What’s the Score?
With football season in full force and investors once again wondering why they aren’t getting double digit returns like the S&P 500 index, I thought I would bring out my favorite investing analogy (paraphrased from Mike Mason of Mason & Associates in Newport News, Virginia.)
It’s the 4th quarter, your team has the ball, and the head coach just got knocked over on the sidelines and has gone to the locker room. The quarterback turns to you and asks, “should we run or pass?” What’s the first thing you would do? …………………….. You’d look at the scoreboard!
If you’re behind and need to catch-up, chances are you would want to pass to get down the field sooner. However, if the scoreboard looks like the one above, the wisest decision would be to run the ball. You’d keep the clock running and not take the chance of throwing an interception.
In investing, few people ever ask, “what’s the score?” Investing in the stock market with all of your money all of the time is equivalent to always throwing the ball. Sure, it is a lot more exciting and you will probably score a lot of points, but if you turn the ball over at the wrong time or in the wrong place you risk losing the game.
For most of our clients their financial scoreboard has them winning the game. They have most or all of their expenses covered by pensions or social security. The only thing that could cause them to lose the game would be by throwing an interception at the wrong time. They need to run the ball, gain some yards, and keep the other team off the field.
If you don’t know your score or you’d like a quick check-up we have a free tool available. It takes about 10-15 minutes to complete and we will send the results to your financial advisor to review your personal scoreboard along with any recommendations to tweak your investments with SEM. To get started go to:
What’s the Downside?
Most investors focus on the returns their investments have generated and pay much less attention to how much risk is involved to get those returns. During prolonged market rallies, even more conservative investors tend to shift their focus from risk management to higher returns. This can be a dangerous mistake when it comes to your retirement funds.
One of the more popular choices in many retirement plans is an S&P 500 index fund. The S&P 500 is comprised of 500 of the largest US based companies. Many people believe large companies are safer and therefore they are not taking too much risk by investing in an S&P 500 fund. Unfortunately, that is not the case. The S&P 500 has lost 50% of its value twice in the last 18 years. This is a risk few people are ready to experience again.
Diversifying across other asset classes outside the S&P 500 helps reduce risk, but often not enough. This is best illustrated by the “Target Date” portfolios that have become popular in recent years. Investors pick the portfolio closest to their retirement date and then the portfolio adjusts the asset allocation to match a recommended asset allocation. Most people are not aware of the downside these “diversified” portfolios may experience.
How much risk can you truly handle? This really depends. Everyone is different. Our brains are wired differently in how we perceive risk. For some an investment losing 35% or more is far too high, for others it may
be higher as they seek to capture higher returns. Matching our investments to our individual risk comfort levels makes it more likely we will stick to that investment over the long-run. Just as important as your individual risk score, however, is your ability to take risk. Again, each person’s situation is unique and depends on a wide range of factors. Matching an investment to your risk preference & situation is something your financial advisor can assist you with.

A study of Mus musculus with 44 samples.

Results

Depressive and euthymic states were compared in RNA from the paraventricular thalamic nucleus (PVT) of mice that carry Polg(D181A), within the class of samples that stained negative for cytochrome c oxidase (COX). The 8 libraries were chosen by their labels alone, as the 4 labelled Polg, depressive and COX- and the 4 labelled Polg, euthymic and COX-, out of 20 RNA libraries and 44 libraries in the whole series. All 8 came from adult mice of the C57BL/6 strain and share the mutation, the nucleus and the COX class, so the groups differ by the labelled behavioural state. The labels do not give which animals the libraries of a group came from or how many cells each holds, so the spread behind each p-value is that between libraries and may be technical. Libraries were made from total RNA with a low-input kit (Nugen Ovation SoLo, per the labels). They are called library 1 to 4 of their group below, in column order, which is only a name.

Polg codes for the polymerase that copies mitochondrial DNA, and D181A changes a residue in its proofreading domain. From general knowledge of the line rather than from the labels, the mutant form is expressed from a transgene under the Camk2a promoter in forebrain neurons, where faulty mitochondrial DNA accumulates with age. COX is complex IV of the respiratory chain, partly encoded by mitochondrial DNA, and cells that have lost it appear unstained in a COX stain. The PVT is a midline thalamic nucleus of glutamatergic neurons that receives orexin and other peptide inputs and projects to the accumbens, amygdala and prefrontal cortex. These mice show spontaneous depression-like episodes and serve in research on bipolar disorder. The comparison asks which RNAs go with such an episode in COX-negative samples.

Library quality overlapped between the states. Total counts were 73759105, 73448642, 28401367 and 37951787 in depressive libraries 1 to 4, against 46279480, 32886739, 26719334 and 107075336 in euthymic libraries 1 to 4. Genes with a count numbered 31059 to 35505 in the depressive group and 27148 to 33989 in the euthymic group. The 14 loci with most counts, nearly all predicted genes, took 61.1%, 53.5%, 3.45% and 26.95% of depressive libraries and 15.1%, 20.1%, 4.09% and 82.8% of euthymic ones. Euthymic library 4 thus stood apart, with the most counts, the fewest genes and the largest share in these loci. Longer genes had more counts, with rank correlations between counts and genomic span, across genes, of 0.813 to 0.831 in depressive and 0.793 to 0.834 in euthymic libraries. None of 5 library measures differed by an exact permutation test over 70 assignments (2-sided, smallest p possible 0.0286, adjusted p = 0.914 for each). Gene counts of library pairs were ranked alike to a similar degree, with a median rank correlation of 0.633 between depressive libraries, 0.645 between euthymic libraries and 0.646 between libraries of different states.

Want to know how much risk you’re taking and whether it is too much?
Go to WhatsMyScore.net to take our free financial assessment.
News & Notes:
2018 Year-End Tax Statements–what to watch for early 2019:
For taxable accounts, federal law requires your custodian to mail your IRS Form 1099 to you by January 31. Due to the increasing amount of reclassified mutual fund distributions, both of our custodians, TCA by E*TRADE & TD Ameritrade have had this extended to February 15, 2019.
SEM strongly recommends you do not make your tax appointment until after February 15.
The 2018 Consolidated 1099 mailings to you includes cost basis and sales proceeds for investments sold during 2018. This provides essential information needed to complete your Federal Tax Filing Form 1040 Schedule D and Form 8949. Please wait until you receive TCA’s and/or TD Ameritrade’s 2018 Consolidated 1099 prior to completing your taxes.
For those clients that consolidated taxable accounts from TD Ameritrade to TCA, you will receive forms from both custodians.
SEM will be posting additional information on the tax reports early next year on our website,
ENCORE is a Quarterly Newsletter provided by SEM Wealth Management. ENCORE stands for: Engineered, Non-Correlated, Optimized & Risk Efficient. By utilizing these elements in our management style, SEM’s goal is to provide risk management and capital appreciation for our clients. Each issue of ENCORE will provide insight into investments and how we managed money. To learn more about ENCORE Portfolios, please contact your financial advisor.
The information provided is for informational purposes only and should not be considered investment advice. Information gathered from third party sources are believed to be reliable, but whose accuracy we do not guarantee. Past performance is no guarantee of future results. Please see the individual Program Reports for more information. There is potential for loss as well as gain in security investments of any type, including those managed by SEM. SEM’s firm brochure (ADV part 2) is available upon request and must be delivered prior to entering into an advisory agreement.